BMT Unveils Hull-form for Autonomous Operations
Engineering firm BMT has unveiled a new hull-form specifically designed for long range autonomous operations. The Pentamaran design has been optimized to reduce fuel consumption and increase its adaptability across multiple applications.
Offering a myriad of applications for defense and commercial innovators, Pentamaran vessels may be custom configured for military, patrol, intelligence surveillance and reconnaissance (ISR), anti-submarine warfare (ASW) and hydrographic survey work.
The Pentamaran has been designed to reduce drag as much as possible, with very slender central hull and two smaller hulls or ‘sponsons’ on either side. The sponsons are set one behind the other, and when the vessel is operating on flat water, the forward sponsons are not immerged, as they provide roll stability effect in waves only. Compared to a trimaran there is less volume permanently immerged and therefore less resistance through the water.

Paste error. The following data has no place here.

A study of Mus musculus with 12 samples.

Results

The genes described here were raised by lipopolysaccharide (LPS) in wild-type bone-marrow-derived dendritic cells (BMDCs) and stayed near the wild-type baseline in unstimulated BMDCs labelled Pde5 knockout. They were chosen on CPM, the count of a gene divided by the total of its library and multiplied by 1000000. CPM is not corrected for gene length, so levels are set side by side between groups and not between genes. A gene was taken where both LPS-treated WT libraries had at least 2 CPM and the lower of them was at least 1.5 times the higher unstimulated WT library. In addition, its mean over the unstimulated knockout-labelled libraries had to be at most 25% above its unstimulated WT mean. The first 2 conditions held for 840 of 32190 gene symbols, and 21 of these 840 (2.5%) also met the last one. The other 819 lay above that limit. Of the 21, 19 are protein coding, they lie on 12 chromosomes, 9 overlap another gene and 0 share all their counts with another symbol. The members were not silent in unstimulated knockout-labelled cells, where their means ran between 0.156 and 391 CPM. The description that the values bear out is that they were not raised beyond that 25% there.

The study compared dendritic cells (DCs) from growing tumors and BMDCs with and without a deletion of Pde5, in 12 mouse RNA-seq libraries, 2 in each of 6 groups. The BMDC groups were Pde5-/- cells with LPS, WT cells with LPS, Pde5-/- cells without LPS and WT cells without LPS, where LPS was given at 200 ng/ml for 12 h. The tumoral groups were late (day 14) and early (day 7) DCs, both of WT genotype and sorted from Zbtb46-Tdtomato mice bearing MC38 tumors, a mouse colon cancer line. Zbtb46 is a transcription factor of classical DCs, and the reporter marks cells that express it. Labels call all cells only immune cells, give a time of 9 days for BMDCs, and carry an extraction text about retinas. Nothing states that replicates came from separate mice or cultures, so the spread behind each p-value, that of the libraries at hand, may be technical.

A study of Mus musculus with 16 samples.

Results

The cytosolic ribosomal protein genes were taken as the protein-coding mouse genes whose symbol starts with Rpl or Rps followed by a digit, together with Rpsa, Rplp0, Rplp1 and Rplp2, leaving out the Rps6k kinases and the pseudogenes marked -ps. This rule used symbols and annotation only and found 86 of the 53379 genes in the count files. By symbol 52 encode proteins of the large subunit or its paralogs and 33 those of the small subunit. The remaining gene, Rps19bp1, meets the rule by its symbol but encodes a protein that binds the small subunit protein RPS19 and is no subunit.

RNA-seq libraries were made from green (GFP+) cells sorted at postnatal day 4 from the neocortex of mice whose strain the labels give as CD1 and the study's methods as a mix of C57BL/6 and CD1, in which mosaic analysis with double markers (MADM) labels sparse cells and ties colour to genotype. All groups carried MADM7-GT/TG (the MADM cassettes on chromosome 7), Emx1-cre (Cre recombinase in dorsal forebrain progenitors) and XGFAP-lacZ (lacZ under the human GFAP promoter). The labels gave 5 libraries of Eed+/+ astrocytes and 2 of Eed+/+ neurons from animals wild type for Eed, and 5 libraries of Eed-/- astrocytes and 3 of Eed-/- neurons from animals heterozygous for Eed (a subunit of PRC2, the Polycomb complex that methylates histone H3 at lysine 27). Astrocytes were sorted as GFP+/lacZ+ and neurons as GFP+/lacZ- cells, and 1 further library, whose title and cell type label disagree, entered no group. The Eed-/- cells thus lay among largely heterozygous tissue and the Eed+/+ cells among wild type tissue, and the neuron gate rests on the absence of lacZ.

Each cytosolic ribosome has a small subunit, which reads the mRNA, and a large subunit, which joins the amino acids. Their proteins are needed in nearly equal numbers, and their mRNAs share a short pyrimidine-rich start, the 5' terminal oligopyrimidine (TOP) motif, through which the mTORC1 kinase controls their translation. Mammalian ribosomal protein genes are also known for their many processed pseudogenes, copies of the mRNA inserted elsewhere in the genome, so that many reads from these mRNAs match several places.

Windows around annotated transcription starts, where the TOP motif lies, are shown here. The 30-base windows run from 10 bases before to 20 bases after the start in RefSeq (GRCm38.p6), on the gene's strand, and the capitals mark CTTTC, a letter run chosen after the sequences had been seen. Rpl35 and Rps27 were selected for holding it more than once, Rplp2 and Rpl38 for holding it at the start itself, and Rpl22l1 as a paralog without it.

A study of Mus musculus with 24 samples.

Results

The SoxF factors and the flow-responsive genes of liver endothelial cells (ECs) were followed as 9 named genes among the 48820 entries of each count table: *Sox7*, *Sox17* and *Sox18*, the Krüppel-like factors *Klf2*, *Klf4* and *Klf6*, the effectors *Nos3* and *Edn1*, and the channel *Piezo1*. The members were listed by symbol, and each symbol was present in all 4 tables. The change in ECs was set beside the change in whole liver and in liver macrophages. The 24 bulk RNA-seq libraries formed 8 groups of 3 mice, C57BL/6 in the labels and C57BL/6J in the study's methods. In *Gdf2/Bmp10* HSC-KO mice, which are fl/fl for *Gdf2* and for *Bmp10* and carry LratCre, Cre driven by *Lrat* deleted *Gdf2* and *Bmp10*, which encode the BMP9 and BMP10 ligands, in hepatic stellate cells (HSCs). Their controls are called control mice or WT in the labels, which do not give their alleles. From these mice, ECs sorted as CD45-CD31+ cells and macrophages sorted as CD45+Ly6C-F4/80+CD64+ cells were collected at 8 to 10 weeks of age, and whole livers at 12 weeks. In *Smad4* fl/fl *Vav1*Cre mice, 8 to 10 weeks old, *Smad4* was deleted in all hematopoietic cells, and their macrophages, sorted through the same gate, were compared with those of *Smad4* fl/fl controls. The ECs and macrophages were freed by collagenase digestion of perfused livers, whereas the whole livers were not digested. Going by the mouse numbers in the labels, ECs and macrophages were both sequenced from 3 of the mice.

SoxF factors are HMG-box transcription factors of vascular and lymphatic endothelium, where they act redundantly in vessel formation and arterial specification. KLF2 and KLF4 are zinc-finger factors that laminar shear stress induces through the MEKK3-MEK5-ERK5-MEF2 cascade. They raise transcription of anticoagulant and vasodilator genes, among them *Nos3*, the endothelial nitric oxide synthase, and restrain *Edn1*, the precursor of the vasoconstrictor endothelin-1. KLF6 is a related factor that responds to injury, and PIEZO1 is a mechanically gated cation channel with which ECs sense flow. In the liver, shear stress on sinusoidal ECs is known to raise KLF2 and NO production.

Martin Bissuel, Business Sector Lead for Specialised Ship Design at BMT said, “Our team have carried out extensive work on this. The data gathered through extensive towing tank testing is very compelling. For applications where fuel economy matters, the Pentamaran hull form is more efficient than conventional full forms, which means that using the same engines and the same amount of fuel, it will go further than any other, making it an ideal candidate for autonomous applications. Looking at it from a distance it may resemble a trimaran but that’s where the similarities end.
“The arrangement and careful positioning of the four sponsons makes all the difference. The forward sponsons stay above the water, and only come into action when the vessel rolls, so not only the drag is reduced, but the sea keeping characteristics are improved. Compared to a trimaran hull form, lateral accelerations are lower, reducing g-loadings on the structure as well as the antennae and sensors on deck. The wide deck offers a large working area for multi-role capabilities. It can accommodate payloads or interface with other systems such as unmanned air vehicles,” Bissuel added
A key consideration, when a vessel is operating autonomously for long periods of time, is the reliability of the propulsion setup which is essential to sustained operational readiness. BMT said its engineers integrated multiple independent power sources to increase reliability as well as survivability.